Thursday, January 09, 2014
When she was 15 years old, Kait Brink asked her grandmother to teach her to knit. At first, “it was really just a way to connect with her,” Brink said as she talked one recent afternoon in her Easthampton studio at One Cottage Street. Quickly, though, “it just sort of grabbed me,” she said. I like repetition, I like order, and I’d always liked making things with my hands.”
She started making the usual things — scarves, a blanket — and before long had founded a knitting club at her California high school.
A few years later, as an undergraduate in a woodworking class at the University of Massachusetts Amherst, Brink and her fellow art students were given an assignment to take a small object of everyday life and make it big.
“I was knitting all the time anyway,” she recalled, and so she made a pair of knitting needles out of long pine planks.
Having made the needles, she began using them. One creation, a long piece in appealing shades of green, stretches nearly floor to ceiling in her studio. Another, in creamy neutrals, hangs against a wall. A third, shown here, is called “Blanket of Blankets.” Brink turns discarded bits of yarn and old bedsheets into the thick materials she knits with — and the knitting process itself, which she has recorded on YouTube, requires a second person’s help. “You can’t hold both needles,” she says. “They’re too heavy.”
A visitor to Brink’s studio will likely notice her fantastical knit works right away, but they are, in fact, only part of her creative output. She is also a painter of watercolors and her intense, intriguing, sometimes disturbing images — among them, a grotesquely contorted doll, and an angry-looking young woman with scissor-like legs — invite reflection and speculation. Watercolor, she says, is her “chosen way of making the images I see visible.”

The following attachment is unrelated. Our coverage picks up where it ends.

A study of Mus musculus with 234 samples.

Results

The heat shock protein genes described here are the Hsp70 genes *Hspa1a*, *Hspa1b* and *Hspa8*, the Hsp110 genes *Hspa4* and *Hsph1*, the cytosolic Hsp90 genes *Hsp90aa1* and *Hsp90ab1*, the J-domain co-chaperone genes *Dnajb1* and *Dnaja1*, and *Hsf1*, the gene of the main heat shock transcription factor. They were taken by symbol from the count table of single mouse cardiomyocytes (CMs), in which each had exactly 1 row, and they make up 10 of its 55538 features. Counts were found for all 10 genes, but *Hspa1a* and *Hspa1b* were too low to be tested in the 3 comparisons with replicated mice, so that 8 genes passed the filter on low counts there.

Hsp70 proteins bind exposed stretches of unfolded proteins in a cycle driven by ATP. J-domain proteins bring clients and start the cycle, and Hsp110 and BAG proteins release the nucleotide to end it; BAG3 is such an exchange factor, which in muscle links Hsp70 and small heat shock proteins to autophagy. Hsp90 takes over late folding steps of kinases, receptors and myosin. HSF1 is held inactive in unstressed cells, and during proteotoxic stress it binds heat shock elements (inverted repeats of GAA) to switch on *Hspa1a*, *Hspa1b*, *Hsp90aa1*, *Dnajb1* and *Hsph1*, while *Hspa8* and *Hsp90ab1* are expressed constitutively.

“Tired” shows a woman hanging on a tire swing. Brink, now 25, has struggled with chronic fatigue, and says the image took shape in her mind when she lived near a tire business. The tires she saw out her kitchen window, the overwhelming fatigue she sometimes felt, and memories of seeing children on tire swings combined to create an image that gives viewers space to find their own meaning. To one viewer “Tired” might be a whimsical statement about being worn out at day’s end; to someone else, it’s a statement about being utterly drained.
She’s apt to think about an idea for a painting for weeks, even months. She takes dozens, sometimes hundreds of photos, then reworks and edits them on a computer. For “Tired,” she photographed tires, studied rope, and took pictures of herself draped over stools to get the body positioning just so.
For every painting, she tests her palette “so that the colors are exactly how I want them.” Using a mechanical pencil, she lightly draws the image on the paper that will become the watercolor, and then rubs it out bit by bit. “It’s a way of studying the image. I’ll erase the whole thing, but it stays in my mind,” she said.
A self-described perfectionist, Brink says her exacting process “helps me know every line, angle and color.” By the time she starts to paint, “most of my decisions are already made. I’m not thinking ‘I need more of this color.’ ” She is in a place almost beyond thinking, she said, a place that’s about “the emotion, sensation, person or experience” that lies underneath.
— Suzanne Wilson
To see more of Kait Brink’s work, visit www.kaitbrink.com.